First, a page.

MORE Act – Decriminalization or Legalization?
On December 4, 2020, Congress approved the Marijuana Opportunity Reinvestment and Expungement Act, or MORE Act, which would remove cannabis from the schedule of Controlled Substances. The bill currently awaits a vote in the Senate.
According to the bill summary, the MORE act is a bill to decriminalize cannabis. Most news and media coverage of the MORE act frames it accordingly – the bill would decriminalize cannabis on the federal level, expunge marijuana-related criminal records, and establish protections against discriminations for cannabis consumers.
While the main focus point of the MORE act has been the decriminalization of cannabis, the bill includes a number of provisions which resemble something closer to a full legalization bill than simply an act to decriminalize marijuana.
The most interesting yet under-discussed provisions of the MORE act are found in Subchapters C and D of the bill text.
Subchapter C, “Bonds and Permits,” would establish a federal permit system for cannabis operators nationwide. Such permits would be mandatory to operate within the industry. According to the text, “Except as authorized by the Secretary or on the bonded premises of a cannabis production facility duly authorized to produce cannabis products according to law, no cannabis product may planted, cultivated, harvested, grown, manufactured, produced, compounded, converted, processed, prepared, or packaged in any building or on any premises.” (SEC. 5921 (a)(1))
The bill text states that the Secretary will have the ability to establish and oversee an application process, approve or deny applications, and revoke permits.
The bill never clarifies exactly which position “Secretary” refers to in these subchapters, a textual error within the bill. It mentions three secretaries throughout the text - health and human services, transportation and treasury. It is thus unclear which secretary would be responsible for promulgating the rules and regulations of the MORE act.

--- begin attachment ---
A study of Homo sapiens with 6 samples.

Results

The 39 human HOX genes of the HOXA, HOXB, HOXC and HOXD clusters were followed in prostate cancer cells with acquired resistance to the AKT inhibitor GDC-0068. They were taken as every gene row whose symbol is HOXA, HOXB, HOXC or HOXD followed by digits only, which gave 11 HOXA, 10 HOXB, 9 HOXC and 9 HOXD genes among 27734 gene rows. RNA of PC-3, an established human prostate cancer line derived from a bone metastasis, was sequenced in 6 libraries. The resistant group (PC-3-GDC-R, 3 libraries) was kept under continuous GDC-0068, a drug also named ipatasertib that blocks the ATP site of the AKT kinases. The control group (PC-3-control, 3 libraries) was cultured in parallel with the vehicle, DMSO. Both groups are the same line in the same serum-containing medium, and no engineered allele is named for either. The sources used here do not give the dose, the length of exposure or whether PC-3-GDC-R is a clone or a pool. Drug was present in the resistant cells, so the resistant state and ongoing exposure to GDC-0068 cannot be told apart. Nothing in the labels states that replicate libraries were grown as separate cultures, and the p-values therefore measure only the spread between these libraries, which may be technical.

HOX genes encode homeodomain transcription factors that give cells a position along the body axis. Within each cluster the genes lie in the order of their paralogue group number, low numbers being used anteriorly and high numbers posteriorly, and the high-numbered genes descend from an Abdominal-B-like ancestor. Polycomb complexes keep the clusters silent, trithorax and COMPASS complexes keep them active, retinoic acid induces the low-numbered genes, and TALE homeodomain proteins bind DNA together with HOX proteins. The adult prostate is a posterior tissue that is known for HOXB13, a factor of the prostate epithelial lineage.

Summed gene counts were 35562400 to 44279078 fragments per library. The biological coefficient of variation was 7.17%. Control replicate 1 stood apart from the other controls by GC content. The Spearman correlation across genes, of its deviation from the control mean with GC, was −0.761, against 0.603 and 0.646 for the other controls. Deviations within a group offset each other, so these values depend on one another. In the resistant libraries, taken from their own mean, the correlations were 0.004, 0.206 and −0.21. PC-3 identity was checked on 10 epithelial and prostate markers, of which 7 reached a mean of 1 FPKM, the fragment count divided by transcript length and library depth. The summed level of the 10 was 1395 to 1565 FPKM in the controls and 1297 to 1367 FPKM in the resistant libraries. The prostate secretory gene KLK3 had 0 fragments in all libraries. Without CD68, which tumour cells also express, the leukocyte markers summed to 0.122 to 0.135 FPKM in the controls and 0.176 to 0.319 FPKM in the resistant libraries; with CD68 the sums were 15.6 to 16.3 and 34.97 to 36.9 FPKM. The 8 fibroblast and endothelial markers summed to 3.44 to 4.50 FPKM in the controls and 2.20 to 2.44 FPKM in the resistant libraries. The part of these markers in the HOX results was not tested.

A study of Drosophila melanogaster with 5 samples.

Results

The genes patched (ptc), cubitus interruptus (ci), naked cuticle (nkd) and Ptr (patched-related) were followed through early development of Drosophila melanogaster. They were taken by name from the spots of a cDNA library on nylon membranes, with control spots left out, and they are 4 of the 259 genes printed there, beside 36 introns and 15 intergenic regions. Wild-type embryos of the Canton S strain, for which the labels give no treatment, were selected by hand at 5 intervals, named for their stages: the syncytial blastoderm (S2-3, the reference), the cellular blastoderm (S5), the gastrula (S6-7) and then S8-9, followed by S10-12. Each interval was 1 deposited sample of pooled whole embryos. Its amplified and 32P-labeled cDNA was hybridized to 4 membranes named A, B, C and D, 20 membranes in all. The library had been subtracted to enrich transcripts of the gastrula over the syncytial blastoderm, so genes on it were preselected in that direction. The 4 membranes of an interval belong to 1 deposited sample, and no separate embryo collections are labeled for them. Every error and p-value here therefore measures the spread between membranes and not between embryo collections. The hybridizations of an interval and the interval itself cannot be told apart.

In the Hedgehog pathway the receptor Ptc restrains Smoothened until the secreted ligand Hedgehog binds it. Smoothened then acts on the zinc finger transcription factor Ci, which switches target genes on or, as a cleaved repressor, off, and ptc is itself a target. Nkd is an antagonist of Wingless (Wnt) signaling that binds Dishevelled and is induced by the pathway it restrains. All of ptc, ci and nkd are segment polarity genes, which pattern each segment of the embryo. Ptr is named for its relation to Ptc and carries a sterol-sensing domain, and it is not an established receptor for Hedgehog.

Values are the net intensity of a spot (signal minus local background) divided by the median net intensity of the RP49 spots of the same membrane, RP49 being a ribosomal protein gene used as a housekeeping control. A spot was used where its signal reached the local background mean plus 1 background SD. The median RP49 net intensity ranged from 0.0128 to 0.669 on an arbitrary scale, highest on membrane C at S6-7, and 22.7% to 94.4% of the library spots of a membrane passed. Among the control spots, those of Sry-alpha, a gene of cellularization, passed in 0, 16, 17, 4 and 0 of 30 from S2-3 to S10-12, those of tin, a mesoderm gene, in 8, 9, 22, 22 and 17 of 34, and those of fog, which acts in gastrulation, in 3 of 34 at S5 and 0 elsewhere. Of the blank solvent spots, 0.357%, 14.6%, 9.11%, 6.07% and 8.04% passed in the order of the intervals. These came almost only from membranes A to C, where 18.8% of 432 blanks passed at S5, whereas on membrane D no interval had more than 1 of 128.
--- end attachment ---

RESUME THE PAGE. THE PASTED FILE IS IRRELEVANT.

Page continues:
Subchapter D, “Operations,” goes further in establishing what would essentially be a federally legal marketplace by affording the Secretary the powers to establish cannabis product and label requirements.
According to this subchapter, any permittee would be required to maintain records as determined by the secretary and make them available for any regular inspection.
It also sets product requirements, stating “all cannabis products shall, before removal, be put up in such packages as the Secretary shall by regulation prescribe,” and “every package of cannabis products shall, before removal, bear the marks, labels, and notices if any, that the Secretary by regulation prescribes.” (SEC. 5932 (a), SEC. 5932 (b))
The bill restricts the purchase, sale, and possession of any cannabis product which does not follow such label requirements.
These two chapters essentially law the foundation for federal legalization. Although the MORE act considers itself to be a decriminalization bill, the text aligns itself closer with a legalization bill. The imposition of a federal tax on cannabis, the establishment of a federally prescribed cannabis permit for operators, and the creation of various product and labelling requirements by federal agencies would subject all adult-use operators to federal authorities, essentially establishing a federal regulatory structure for marijuana.
Despite the bill’s success in the House, where it passed within a 228 – 164 vote, it currently lies dormant within the Senate. While the recent election in Georgia established a Democrat majority in the Senate, the MORE act’s success is still uncertain, and not every legalization supporter fully believes in the bill – activists have voiced their concerns that the bill does not enact adequate provisions for promoting social equity, for instance. Nevertheless, a full-fledged legal marketplace could be in America’s future.